Disco Vettes are the Move: Why the Late C3 Corvette is Ideal for Restomodding
Looking back across all generations of the iconic Chevrolet Corvette, each model has its own strong points and character. There are the timeless C1s and C2s of the '50s, the techy C4 of the '80s and the incredible bang for the buck of performance of the C5 generation and newer.
But one of the more under-appreciated and affordable Corvettes out there are the later C3s, sold through the mid 1970s and into the early '80s.
A Forgotten Era
Its basic look and platform is the same as the early C3, which debuted at the height of the '60s muscle car period and had the performance options to back up its radical new look.
The later C3s, though, represent an era in which emissions regulations lead to so some pretty pitiful performance, both by modern standards and by the standards of the '60s Vettes.
The big block engine was no longer an option, and even in its hottest performance trim a late '70s Corvette only made about 220 horsepower, with a quarter mile time over 15 seconds.
This wasn't the fault of the Corvette's engineers. That's just how things were in the late 1970s and early '80s. Performance across the board was down, and the Vette was still one of the fastest cars you could get at the time...
But its surely that choked-down performance that has long kept later C3s as one of the more affordable Vettes you can get. And few classic American cars offer more potential today.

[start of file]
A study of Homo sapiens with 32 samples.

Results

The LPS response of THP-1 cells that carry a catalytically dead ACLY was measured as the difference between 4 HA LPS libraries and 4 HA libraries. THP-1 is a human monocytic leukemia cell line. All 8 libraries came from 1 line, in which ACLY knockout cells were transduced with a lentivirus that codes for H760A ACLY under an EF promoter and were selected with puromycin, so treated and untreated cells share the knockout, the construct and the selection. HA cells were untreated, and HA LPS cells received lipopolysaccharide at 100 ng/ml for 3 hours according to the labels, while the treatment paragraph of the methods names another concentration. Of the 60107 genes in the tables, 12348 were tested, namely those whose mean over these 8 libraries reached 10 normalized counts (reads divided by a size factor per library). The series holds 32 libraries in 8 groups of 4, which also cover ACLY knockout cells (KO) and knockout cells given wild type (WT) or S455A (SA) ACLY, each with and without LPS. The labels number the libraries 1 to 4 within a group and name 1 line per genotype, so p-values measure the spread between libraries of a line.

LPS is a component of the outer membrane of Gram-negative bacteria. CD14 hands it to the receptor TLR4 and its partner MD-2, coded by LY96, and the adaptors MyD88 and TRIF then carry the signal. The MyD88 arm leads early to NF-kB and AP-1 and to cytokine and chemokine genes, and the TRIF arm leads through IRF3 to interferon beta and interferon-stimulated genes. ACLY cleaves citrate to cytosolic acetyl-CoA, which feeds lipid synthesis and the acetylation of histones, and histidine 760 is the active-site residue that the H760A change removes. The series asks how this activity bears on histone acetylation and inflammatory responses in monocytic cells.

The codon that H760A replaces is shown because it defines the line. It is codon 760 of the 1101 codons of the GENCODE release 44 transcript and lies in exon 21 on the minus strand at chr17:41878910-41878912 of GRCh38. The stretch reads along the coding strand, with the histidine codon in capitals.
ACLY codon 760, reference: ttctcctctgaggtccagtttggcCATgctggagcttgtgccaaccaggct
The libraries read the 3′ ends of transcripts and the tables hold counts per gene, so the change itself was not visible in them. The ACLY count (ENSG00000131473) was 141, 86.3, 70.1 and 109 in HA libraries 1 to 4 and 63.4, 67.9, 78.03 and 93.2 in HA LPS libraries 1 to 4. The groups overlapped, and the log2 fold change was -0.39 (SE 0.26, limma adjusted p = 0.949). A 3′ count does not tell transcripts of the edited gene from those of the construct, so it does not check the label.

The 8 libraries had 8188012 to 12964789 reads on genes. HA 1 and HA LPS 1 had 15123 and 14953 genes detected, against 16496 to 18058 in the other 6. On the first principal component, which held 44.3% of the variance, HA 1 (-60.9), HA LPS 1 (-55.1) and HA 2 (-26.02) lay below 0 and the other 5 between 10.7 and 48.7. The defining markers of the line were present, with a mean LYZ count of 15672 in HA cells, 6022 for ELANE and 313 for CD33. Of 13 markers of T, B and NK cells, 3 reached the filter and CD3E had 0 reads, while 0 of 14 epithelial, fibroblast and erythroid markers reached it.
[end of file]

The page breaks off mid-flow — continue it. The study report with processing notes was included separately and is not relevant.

The Budget Choice
If you are looking for a decent running project, it isn't hard to find one in the $7,000 to $10,000 range. And super nice examples can still be found for under $20,000.
Or if you are looking for a non-running project that needs some work, you can find them as cheap as $3,000— and they might actually be the hot ticket.
Because, if you can get around the lackluster stock power, the late C3s are actually very cool cars. Their styling takes the traditional C3 shape and injects it with some Boogie Nights attitude.
Want More Power? No Problem
The stock performance of a late C3 will only be adequate for those who just want to cruise the boulevard. But at the end of the day it's a Corvette with a small block Chevy under the hood and the upgrade potential is endless. And just about anything made for the earlier, more desirable C3s will go right on.
Want to go LS swap? It's a great car for it. And with less weight than your larger muscle cars, it doesn't take a whole lot of power to make a C3 very capable.
Ditto that for the suspension. There are lots of modified C3s out there that are very fast around an autocross course or race track, with no shortage of options for suspension and brake upgrades.
C3 Corvettes can also handle some very wide tires beneath their flared out fenders. And that will help to transform both the handling and the looks.
If you are looking for the best bang for the buck Corvette performance out of the box, the C5 is still the go-to choice, and will likely be for a while.
But if you are looking for something with some more old-school charm and lots of potential without breaking the bank, give the mid '70s to early '80s Vettes a good hard look.
More From Driving Line
- Want to see a nice example of a modified C3 Corvette? Check out this Lamborghini Yellow-painted masterpiece.